I’ve been delving into Auden’s collected poems and I ran across these lines from The Witness:
At first I had no idea what to make of it. Yet the imagery struck me in the face. Who were these scissor men and what exactly were they going to do to me?
A few weeks later I began watching the Doom Patrol series on TV and the surrealistic ideas got my brain churning again. You see, as a youth I loved the bizarre notions of dada. I had collected multiple books on the movement along with the diaries of Salvador Dali. For a long time, I strived to mimic the quirky and off-the-wall nature of surrealistic ideas.
Yet the more I read about the formation of the Doom Patrol and it’s run by Grant Morrison, I realized trying to be weird wasn’t the point. The idea behind Dada or Surrealism is to use techniques to unlock the unconscious so that pure ideas flow forth. Something us creative folk strive for.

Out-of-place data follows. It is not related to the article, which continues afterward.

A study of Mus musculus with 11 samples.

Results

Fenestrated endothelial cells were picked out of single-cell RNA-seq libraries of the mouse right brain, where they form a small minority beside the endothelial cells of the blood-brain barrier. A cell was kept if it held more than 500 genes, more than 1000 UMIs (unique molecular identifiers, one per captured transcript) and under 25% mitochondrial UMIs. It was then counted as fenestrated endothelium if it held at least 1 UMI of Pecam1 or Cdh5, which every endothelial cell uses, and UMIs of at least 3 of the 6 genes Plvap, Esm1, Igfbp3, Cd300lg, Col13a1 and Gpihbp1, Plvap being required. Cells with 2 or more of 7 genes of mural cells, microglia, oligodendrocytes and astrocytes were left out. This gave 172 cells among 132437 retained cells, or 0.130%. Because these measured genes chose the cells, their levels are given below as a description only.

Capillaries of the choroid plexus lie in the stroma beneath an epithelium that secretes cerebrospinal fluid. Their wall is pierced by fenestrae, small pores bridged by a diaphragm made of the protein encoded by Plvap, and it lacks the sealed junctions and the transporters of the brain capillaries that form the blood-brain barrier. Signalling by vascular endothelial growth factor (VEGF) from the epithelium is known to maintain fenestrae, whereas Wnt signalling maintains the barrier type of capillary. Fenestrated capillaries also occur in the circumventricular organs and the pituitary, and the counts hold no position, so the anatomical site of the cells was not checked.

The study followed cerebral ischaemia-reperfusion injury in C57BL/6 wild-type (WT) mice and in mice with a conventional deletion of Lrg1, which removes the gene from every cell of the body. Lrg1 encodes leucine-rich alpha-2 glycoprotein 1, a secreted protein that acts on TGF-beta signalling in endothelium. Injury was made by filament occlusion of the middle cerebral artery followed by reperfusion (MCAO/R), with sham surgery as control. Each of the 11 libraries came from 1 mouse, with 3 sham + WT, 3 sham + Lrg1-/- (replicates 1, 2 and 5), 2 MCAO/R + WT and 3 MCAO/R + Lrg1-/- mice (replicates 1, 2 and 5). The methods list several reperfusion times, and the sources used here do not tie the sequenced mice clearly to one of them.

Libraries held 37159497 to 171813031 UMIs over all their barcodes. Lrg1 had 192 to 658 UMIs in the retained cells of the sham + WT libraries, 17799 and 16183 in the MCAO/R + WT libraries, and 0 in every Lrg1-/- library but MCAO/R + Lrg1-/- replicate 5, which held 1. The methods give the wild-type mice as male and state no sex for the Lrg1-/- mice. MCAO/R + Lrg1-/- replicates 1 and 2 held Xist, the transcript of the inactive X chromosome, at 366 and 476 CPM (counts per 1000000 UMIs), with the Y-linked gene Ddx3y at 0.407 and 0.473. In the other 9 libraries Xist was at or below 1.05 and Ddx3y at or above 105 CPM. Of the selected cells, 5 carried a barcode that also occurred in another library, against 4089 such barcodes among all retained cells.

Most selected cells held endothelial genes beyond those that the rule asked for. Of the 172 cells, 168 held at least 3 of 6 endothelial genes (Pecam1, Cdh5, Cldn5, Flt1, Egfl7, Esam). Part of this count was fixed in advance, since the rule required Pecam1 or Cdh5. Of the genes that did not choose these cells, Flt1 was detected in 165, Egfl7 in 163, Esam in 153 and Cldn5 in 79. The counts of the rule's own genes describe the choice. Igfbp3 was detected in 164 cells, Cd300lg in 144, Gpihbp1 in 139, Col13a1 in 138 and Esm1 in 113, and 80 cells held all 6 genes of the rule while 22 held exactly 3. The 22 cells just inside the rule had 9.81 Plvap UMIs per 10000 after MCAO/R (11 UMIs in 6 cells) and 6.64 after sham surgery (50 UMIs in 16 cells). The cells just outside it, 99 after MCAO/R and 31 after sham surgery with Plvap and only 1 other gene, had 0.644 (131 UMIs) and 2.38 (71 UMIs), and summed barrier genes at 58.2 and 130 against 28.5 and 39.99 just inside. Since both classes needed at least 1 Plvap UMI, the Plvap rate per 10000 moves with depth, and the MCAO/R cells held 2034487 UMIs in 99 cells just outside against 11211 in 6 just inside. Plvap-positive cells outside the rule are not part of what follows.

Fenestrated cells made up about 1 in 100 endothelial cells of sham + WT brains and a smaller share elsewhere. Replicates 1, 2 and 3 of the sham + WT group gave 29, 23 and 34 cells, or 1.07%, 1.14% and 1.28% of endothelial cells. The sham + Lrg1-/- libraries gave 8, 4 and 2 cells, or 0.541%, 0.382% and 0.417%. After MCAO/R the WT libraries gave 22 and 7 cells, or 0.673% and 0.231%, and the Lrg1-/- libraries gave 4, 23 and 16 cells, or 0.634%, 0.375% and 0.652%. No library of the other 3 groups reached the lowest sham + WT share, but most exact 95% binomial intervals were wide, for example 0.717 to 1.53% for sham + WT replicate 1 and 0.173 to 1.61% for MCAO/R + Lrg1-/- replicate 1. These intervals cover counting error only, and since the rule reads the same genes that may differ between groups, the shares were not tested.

One technique, pioneered by another favorite of mine — William S. Burroughs — was the cut up. In this, you cut apart pages from a book or magazine and then reassemble them into new, Frankensteined sentences. The idea here is to jar your mind out of linear thinking. We’re so used to a specific order of things: Boy meets girl. Girl rejects him. Boy prevails and wins over girl (or dates her brother).
Cut ups can get you to think in different ways. The best cut up sentence I created came from a newspaper sliced up with scissors in a coffee shop. The line created was this:
This spring-boarded me into a story of survival in space, and also my first published story.
Except you don’t even have to use the newly created sentences. They might simply be a jumping off point for a new idea. Follow the rabbit hole down and see what lies under the ordinary. Because haven’t we had enough of the same old, same old?
Special Gift: Try the Cut Up Generator as a quick and easy way to detach yourself from linear thought.